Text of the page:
North Carolina’s Sampson Country is just one area that is determined to make sure that all government workers feel safe in their 9-to-5 positions. According to The Sampson Independent, 250 employees of country-owned and operated facilities expressed concern about violence in the workplace.
The U.S. Bureau of Labor Statistics said that nearly 17 percent of all workplace fatalities in 2011 were the result of workplace violence.
The proposed penalties total $104,100 and include one willful violation, where employees were exposed to workplace violence and the facility failed to take adequate measures to reduce violence after a December 2011 investigation.
Simple tabletop exercises can help individuals better plan and prepare for an emergency situation
Catalyzed by statistics that found incidents of workplace violence to be higher in state and local governments as opposed to private-sector organizations, the researchers determined that all federal government organizations are equally at risk for a violent incident.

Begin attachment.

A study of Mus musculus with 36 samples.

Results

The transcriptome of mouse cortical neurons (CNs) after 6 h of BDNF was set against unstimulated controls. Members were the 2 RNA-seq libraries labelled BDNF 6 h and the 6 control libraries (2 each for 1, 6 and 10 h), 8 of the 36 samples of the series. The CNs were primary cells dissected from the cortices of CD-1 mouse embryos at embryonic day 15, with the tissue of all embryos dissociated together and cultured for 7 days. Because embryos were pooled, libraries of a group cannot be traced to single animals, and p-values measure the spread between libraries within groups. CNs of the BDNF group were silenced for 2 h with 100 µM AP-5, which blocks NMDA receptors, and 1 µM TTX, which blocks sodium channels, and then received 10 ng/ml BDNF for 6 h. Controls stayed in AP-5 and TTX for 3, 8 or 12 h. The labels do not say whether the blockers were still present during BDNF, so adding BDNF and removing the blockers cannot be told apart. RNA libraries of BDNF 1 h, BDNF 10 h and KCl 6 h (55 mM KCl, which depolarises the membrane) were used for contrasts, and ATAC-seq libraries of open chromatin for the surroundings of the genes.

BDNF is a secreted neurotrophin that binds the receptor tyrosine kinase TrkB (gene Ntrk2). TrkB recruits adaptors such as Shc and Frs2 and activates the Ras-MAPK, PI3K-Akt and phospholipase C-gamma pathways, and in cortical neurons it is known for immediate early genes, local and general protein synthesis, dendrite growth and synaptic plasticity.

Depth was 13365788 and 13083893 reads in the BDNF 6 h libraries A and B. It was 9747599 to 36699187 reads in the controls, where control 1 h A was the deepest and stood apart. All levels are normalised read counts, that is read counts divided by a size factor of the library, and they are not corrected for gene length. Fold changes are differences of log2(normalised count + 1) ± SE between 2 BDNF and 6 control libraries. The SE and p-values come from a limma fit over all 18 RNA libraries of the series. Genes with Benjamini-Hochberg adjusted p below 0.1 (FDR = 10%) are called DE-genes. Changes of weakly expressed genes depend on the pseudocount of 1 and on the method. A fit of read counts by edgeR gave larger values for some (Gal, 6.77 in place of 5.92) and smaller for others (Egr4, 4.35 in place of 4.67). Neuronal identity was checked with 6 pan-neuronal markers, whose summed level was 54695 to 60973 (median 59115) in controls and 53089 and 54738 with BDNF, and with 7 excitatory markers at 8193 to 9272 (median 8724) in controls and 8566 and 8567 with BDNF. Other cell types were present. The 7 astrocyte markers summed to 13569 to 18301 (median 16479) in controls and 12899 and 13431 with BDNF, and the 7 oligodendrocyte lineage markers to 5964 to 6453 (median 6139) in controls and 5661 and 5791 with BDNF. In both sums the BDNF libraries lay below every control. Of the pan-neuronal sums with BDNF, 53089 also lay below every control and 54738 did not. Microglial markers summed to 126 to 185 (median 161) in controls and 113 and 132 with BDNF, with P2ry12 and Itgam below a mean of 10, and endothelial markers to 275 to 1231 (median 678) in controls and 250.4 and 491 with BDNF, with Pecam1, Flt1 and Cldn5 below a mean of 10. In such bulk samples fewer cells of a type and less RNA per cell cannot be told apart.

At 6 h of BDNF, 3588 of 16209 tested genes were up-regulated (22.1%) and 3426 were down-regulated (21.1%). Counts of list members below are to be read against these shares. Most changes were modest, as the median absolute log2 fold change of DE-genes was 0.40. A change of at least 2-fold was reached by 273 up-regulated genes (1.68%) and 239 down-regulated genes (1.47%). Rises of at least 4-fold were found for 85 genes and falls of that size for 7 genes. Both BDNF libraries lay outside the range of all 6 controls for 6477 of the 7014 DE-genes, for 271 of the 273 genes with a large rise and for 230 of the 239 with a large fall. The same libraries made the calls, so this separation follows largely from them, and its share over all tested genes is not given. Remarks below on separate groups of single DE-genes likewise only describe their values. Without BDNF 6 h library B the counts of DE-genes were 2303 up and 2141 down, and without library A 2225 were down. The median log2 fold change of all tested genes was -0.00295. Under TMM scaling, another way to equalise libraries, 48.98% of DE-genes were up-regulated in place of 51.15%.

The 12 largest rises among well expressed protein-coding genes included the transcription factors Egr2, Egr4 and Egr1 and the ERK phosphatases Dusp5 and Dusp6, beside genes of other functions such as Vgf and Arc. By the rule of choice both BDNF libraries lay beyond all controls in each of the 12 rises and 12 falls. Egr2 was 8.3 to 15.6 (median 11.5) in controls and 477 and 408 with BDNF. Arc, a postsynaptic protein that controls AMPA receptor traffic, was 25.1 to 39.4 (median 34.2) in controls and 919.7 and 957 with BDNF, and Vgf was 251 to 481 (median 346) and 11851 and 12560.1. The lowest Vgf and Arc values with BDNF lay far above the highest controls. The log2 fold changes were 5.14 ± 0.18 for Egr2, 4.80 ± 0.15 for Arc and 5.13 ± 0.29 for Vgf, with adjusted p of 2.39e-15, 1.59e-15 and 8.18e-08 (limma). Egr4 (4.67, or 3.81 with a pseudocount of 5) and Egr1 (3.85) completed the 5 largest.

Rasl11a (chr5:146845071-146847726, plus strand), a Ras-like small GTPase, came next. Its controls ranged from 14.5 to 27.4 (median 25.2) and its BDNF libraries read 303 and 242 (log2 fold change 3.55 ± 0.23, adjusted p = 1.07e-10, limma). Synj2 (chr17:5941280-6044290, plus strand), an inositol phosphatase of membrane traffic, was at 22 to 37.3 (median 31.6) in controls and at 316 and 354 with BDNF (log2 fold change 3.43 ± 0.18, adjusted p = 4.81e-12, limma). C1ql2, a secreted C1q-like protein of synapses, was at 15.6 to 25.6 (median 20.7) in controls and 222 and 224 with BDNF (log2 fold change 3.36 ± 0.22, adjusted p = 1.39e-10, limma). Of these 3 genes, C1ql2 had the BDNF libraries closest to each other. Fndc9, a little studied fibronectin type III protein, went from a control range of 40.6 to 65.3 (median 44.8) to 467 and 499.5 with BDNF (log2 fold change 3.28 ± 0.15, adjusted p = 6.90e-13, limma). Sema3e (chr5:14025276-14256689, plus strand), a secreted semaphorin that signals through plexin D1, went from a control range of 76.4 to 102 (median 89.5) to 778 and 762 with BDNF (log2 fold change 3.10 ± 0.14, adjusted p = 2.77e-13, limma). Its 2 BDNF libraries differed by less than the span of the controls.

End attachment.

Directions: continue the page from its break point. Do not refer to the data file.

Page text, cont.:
According to Brent O’Bryan of AlliedBarton’s Learning & Development department, nearly two million Americans’ lives are impacted by a workplace violence incident, and that the awareness and education fostered through similar seminars can serve to lower that statistic.
All too often, business officials may only associate the concept of workplace violence with a disgruntled employee being pushed to a critical tipping point at which point his or her frustration boils over into a violent incident.
Business officials must understand that the safety of their employees is of paramount importance and as such, they must be willing to take the time to update business continuity plans to address workplace violence preparedness.
It may be surprising to note that nursing homes have the highest rates of workplace violence in the country.
Bullying continues to be pervasive even as children grow into adults and enter the workforce.